Carer-reported quality of life
According to the 2011 census, there are around 6.5 million carers in the UK providing unpaid care for ill, older or disabled family members and friends (Carers UK, 2013). With an ageing population and people living longer with one or more chronic conditions, this number is expected to increase rapidly. The pressures of caring can have a negative impact on carers' physical and mental health, and can affect their finances and ability to work.
The Government implemented the Care Act 2014 which recognised carers in the law in the same way as those they care for. The Act gave local authorities the responsibility to assess a carer's need for support, and if eligible they are entitled to receive that support. This indicator gives an overarching view of the quality of life of carers based on responses to the Survey of Adult Carers in England.
The carer-reported quality of life score is a composite measure which combines individual responses to six questions, measuring different outcomes related to overall quality of life. The six questions, drawn from the Survey of Adult Carers in England, are:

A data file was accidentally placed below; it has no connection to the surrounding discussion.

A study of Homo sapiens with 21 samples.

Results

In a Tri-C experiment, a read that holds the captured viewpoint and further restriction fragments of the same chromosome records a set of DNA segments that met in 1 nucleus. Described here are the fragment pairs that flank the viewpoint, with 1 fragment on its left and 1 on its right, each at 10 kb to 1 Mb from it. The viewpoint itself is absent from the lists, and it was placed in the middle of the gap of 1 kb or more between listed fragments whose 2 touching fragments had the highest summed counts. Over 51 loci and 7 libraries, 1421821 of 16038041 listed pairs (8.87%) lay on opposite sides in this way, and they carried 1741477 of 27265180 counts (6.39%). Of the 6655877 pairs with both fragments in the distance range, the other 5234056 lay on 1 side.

- Which of the following statements best describes how you spend your time?
- Which of the following statements best describes how much control you have over your daily life?
- Thinking about how much time you have to look after yourself in terms of getting enough sleep or eating well – which statement best describes your present situation?
- Thinking about your personal safety, which of the statements best describes your present situation?
- Thinking about how much social contact you’ve had with people you like, which of the following statements best describes your social situation?
- Thinking about encouragement and support in your caring role, which of the following statements best describes your present situation?
Each of the questions has three possible answers, which are equated with having: no unmet needs, some needs met, and no needs met. A score of zero for a respondent would indicate a high level of need in each of the domains and a low quality of life score. Conversely, a (maximum) score of 12 would indicate no unmet needs and a high quality of life score.
Any respondents who failed to answer any of the six questions were excluded from the analysis. This measure forms section 1D of the Adult Social Care Outcomes Framework.